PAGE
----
If the European Union really accepts as a member this state (Ukraine), where the Nazi groups rule the ball and the Nazi ideology reigns, which is incompatible with European values, [it] will mean the end of the European Union.
Upon joining NATO, Sweden and Finland will be forced to wage a war against Russia.
It is obvious that the two countries have been pressured to join the bloc, and neither country has consulted their respective publics on whether to join NATO or not. After all, no referendum has ever been held on the issue.
NATO is a defensive alliance, whose purpose is to protect its member states. NATO's exercises and military deployments are not directed against Russia or any other country. Each NATO member undertakes to uphold its principles and policies, including the commitment that “the Alliance does not seek confrontation and poses no threat to Russia.”
Neither Finland nor Sweden have been under pressure to join NATO. The leaders of both countries have made it clear that the decision to apply for membership is a direct consequence of Russia’s ongoing invasion of Ukraine. Furthermore, the chief aim of NATO membership is not to wage war on Russia, but to avoid it, with Finnish PM Sanna Marin calling Helsinki’s move “an act of peace” designed to ensure that “there would never again be a war in Finland.”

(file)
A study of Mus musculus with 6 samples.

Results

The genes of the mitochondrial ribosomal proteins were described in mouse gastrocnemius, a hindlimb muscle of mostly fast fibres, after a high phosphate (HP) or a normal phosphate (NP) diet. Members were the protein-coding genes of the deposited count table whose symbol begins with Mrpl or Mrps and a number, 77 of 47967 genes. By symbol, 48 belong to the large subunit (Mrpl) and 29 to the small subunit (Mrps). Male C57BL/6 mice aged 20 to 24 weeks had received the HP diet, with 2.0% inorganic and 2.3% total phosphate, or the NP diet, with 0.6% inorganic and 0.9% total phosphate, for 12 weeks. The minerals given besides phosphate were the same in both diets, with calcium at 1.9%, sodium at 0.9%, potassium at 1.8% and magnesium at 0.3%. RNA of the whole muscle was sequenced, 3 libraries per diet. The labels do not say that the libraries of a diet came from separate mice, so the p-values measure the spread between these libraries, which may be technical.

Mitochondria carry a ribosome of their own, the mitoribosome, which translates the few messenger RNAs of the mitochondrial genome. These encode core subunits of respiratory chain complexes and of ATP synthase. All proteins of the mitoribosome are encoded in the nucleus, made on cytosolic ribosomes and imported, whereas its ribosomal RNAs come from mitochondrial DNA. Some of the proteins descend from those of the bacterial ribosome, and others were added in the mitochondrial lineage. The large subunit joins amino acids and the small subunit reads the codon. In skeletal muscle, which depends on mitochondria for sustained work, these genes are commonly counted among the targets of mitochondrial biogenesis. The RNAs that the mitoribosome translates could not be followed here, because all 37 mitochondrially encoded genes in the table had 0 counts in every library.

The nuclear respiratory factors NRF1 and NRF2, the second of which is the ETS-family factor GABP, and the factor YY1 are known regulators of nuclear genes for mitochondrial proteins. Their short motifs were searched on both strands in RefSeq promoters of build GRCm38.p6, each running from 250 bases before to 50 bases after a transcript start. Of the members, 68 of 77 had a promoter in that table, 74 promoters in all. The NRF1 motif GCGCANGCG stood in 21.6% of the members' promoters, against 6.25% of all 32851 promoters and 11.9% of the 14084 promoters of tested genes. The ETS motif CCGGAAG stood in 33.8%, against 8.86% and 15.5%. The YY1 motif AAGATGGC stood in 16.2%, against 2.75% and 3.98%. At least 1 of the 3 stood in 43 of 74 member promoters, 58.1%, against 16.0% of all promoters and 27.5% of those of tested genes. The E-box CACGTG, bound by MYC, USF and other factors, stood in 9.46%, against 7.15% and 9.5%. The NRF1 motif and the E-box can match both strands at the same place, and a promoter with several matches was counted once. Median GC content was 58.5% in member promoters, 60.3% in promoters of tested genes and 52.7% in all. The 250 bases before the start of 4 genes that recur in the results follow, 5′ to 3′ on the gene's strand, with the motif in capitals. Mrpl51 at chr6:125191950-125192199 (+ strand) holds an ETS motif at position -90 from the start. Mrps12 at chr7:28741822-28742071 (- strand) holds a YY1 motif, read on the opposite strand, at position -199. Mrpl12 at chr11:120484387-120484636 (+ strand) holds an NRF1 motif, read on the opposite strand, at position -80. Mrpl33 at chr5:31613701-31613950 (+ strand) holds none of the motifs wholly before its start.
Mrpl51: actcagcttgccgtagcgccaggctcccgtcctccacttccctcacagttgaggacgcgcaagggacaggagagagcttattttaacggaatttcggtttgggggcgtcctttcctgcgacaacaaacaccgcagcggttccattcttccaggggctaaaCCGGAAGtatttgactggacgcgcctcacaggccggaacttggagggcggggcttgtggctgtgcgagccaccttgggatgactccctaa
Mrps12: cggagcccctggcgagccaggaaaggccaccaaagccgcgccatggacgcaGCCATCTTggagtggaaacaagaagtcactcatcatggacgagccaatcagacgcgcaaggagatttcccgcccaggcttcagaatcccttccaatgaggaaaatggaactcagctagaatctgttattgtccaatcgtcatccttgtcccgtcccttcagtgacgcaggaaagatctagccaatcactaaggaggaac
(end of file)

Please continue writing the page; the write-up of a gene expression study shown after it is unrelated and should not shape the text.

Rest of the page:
In both Finland and Sweden there is overwhelmingly broadbased support across the political landscape which has also been manifested in the process in the parliaments: in Finland with 188 deputies voting for and only 8 against NATO membership application, Out of Sweden's eight parties, only two smaller left-leaning parties oppose the application for membership.
Lastly, each country explained its decision not to resolve the issue of NATO membership via a national referendum. Swedish PM Magdalena Andersson has argued that issues of national security and confidentiality could prevent the Swedish public from making an informed choice:
"There is a lot of information about national security that is confidential, so there are important issues in such a referendum that cannot be discussed and important facts that cannot be put on the table."
On his part, Finnish President Sauli Niinistö said a nationwide vote on the issue was "no longer necessary" given the overwhelming public support for joining the bloc. Indeed, an opinion poll conducted in early May 2022 saw over three quarters of Finns in favour of NATO membership, whereas a mere 12% of respondents took the opposite view.